Claim Game


Claims, Reasons, Evidence, Acknowledgment and Response, Warrants
Identify/Generate the principle
Time: 30-40 minutes

This fast-paced card game has several benefits: students practice identifying the parts of argument; it encourages them to discuss what does or does not count as specific parts of one; it helps them generate arguments quickly; and most students think it's fun. Use it not only to liven up the class but also to prompt students to speak up about a text or topic they would otherwise not be eager to discuss. This game works best after students have had some experience identifying the parts of argument, but you can return to it throughout the term.
Make two or three decks of index cards of different colors, labeled with the parts of argument. Each student should receive one claim card, two reason cards, three evidence cards, one warrant card, and one acknowledgment and response card.

The game is played by students contributing to an ongoing class discussion. Each time a student contributes a part of argument, she discards the corresponding card. The winning team is the one left with the fewest cards. The first time you play this game, let it continue until one team has discarded all its cards or neither team can add to the discussion. But as students gain experience, set shorter and shorter time limits to make them think fast.

Divide the class into teams, each with different color cards. You'll need judges to settle disputed cases. At first you can serve as judge, but it is useful for students to do that themselves.

Announce the topic or question for each round. Any player from any team can take a turn adding a part of argument to the discussion. But she must first name the part before discarding a corresponding card. (Some students prefer tossing the card on the floor, a la David Letterman.) If a player does not have a card corresponding to that part of argument, she cannot add the comment.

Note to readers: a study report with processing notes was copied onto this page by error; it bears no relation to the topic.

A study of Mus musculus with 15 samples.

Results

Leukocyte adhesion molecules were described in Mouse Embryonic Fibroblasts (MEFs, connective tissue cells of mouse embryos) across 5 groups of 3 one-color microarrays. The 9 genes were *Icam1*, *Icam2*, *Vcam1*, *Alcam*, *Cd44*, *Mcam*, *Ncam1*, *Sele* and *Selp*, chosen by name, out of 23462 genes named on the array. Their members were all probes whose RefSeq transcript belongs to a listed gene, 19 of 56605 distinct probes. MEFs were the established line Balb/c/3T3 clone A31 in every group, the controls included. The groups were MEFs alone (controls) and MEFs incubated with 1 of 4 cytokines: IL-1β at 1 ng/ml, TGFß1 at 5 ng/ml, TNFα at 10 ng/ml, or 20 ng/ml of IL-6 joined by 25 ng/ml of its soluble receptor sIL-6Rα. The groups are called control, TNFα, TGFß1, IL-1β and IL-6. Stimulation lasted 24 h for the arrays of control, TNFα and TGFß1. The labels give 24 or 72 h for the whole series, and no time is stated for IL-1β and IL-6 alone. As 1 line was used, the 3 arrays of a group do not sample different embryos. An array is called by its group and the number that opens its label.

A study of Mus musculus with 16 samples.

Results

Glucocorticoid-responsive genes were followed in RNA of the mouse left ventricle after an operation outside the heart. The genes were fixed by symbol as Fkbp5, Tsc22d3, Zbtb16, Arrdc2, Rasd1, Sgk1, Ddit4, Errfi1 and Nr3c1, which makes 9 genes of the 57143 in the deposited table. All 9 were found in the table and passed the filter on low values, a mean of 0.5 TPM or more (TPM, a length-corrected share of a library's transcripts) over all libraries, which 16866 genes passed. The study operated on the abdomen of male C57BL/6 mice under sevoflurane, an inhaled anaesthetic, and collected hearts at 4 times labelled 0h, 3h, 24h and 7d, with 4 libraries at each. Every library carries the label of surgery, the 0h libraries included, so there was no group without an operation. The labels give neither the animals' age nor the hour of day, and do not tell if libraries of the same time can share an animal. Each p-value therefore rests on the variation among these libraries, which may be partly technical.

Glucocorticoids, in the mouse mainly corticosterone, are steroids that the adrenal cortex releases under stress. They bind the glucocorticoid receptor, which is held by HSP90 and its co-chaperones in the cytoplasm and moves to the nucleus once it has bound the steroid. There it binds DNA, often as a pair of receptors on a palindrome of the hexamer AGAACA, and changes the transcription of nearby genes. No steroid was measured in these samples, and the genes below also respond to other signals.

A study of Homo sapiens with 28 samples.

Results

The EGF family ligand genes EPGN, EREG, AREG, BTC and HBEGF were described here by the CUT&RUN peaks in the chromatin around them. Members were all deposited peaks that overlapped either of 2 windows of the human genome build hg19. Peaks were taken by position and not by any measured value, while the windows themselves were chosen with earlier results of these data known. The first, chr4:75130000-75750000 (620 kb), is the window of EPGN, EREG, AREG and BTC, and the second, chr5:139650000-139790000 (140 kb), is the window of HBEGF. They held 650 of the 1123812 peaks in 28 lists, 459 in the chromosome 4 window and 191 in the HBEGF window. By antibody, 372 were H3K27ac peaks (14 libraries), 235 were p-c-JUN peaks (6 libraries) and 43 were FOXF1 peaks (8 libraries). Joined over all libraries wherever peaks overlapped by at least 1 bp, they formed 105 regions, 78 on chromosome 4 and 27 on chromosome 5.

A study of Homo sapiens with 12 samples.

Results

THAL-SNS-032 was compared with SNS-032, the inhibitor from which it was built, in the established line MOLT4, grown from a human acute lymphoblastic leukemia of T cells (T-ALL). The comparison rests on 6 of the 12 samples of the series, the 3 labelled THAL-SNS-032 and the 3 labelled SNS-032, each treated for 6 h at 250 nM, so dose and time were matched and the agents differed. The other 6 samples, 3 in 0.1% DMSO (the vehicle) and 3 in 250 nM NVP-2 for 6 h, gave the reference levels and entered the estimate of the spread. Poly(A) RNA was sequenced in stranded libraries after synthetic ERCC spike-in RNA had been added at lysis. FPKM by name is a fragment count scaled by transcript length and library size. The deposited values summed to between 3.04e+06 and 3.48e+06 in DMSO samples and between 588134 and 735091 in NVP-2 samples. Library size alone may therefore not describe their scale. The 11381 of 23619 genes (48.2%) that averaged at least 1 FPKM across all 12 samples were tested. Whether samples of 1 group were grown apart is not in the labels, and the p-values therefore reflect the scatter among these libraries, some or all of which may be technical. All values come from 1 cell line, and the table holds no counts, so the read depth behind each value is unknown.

At any time, a student can challenge a contribution from the opposing team by claiming that it is not a valid example of the claimed part of argument. In making the challenge, the student must explain why the comment should not count as the claimed part. The challenged player can respond by explaining why it should. If the judges uphold the challenge, the challenged player must retrieve the discarded card.

If the discussion begins to slow down before the teams have discarded most of their cards (especially if some students have few cards but others have many), call a five-minute time out for the teams to plan how best to get rid of the rest of their cards. Students with few cards but plenty of ideas will instruct those slow to catch on.

When students get involved, the class can get rowdy. Try to manage the pace so that students don't talk over one another, but don't stifle their enthusiasm. Students can be surprisingly inventive when the game forces them to think quickly. As for strategy, students will discover that they tend to run out of claim and reason cards before they have played many of the others. When that happens, they find it difficult to keep the discussion going. Point out the strategic value of playing warrant and acknowledgment and response cards as quickly as possible and playing evidence cards before they run out of reasons.